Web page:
Defense Advanced Research Projects AgencyTagged Content List

Imagery and Visualization

Visual representations of data and information

Showing 31 results for Imagery RSS
The Military Imaging and Surveillance Technology (MIST) program seeks to develop a fundamentally new optical Intelligence, Surveillance, and Reconnaissance (ISR) capability able to provide high-resolution 3-D images to locate and identify a target at much longer ranges than is possible with existing optical systems.
Free-space optics today requires a telescope, bulk lasers with mechanical beam-steering, detectors, and electronics. The Modular Optical Aperture Building Blocks (MOABB) program seeks to design all of these components into a single integrated device. In what would be deemed as the most complex electronic-photonic circuit ever fashioned, the program’s performers will work to create a wafer-scale system that is 100x smaller and lighter than conventional systems and can steer the optical beam 1,000x faster than mechanical components.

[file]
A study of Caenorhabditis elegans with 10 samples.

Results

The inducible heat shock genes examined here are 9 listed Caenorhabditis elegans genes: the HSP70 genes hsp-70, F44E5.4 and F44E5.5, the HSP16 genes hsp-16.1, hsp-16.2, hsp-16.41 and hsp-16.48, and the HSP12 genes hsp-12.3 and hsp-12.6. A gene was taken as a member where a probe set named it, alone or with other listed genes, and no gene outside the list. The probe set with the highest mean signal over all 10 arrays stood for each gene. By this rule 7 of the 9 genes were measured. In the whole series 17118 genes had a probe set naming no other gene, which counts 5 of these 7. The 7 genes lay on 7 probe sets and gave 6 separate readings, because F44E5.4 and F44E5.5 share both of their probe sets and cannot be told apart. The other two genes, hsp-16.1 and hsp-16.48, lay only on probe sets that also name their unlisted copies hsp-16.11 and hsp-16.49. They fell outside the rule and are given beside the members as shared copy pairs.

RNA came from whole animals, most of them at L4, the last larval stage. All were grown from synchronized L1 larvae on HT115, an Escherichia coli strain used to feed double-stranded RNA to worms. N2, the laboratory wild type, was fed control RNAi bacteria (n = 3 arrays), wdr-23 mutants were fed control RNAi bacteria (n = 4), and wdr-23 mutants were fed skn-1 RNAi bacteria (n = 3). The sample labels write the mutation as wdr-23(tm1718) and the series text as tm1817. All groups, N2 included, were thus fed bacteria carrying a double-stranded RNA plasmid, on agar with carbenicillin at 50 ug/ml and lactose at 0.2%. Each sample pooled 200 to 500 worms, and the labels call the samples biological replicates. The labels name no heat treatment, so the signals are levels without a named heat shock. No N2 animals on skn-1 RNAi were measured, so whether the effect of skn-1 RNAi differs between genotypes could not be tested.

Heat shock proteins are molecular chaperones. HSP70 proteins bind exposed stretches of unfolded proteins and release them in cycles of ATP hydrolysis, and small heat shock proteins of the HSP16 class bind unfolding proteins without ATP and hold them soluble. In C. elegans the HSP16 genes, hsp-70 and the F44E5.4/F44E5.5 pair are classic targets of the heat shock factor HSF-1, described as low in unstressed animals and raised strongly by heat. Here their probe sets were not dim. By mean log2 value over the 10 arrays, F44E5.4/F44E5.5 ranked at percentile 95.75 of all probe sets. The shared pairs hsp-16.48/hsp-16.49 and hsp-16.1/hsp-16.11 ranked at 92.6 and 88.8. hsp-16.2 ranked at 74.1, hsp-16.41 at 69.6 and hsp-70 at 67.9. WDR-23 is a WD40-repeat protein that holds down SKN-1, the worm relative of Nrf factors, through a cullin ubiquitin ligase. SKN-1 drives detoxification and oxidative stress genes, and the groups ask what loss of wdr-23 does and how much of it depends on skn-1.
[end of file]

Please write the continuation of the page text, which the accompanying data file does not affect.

The warfighter's effectiveness in current and future combat missions can be severely limited by inadequate target discrimination, and an inability to view the operational scene with larger fields of view and longer standoff distances. For ground combat and near-ground support operations where tactical information is urgently needed to make timely decisions, there is a significant capability gap for day and night intelligence, surveillance, and reconnaissance (ISR).
Conventional optical imaging systems today largely limit themselves to the measurement of light intensity, providing two-dimensional renderings of three-dimensional scenes and ignoring significant amounts of additional information that may be carried by captured light.
U.S. forces are often immersed in a highly complex, rapidly evolving, hostile environment containing a diverse collection of potential threats. Despite significant recent advances in both the platforms (e.g., unmanned aerial vehicles) and the sensor payloads (e.g., very high resolution cameras) employed within the wide array of modern Intelligence, Surveillance, and Reconnaissance (ISR) capabilities, these conventional solutions do not currently provide the spatial, temporal or functional capabilities required by the individual warfighter.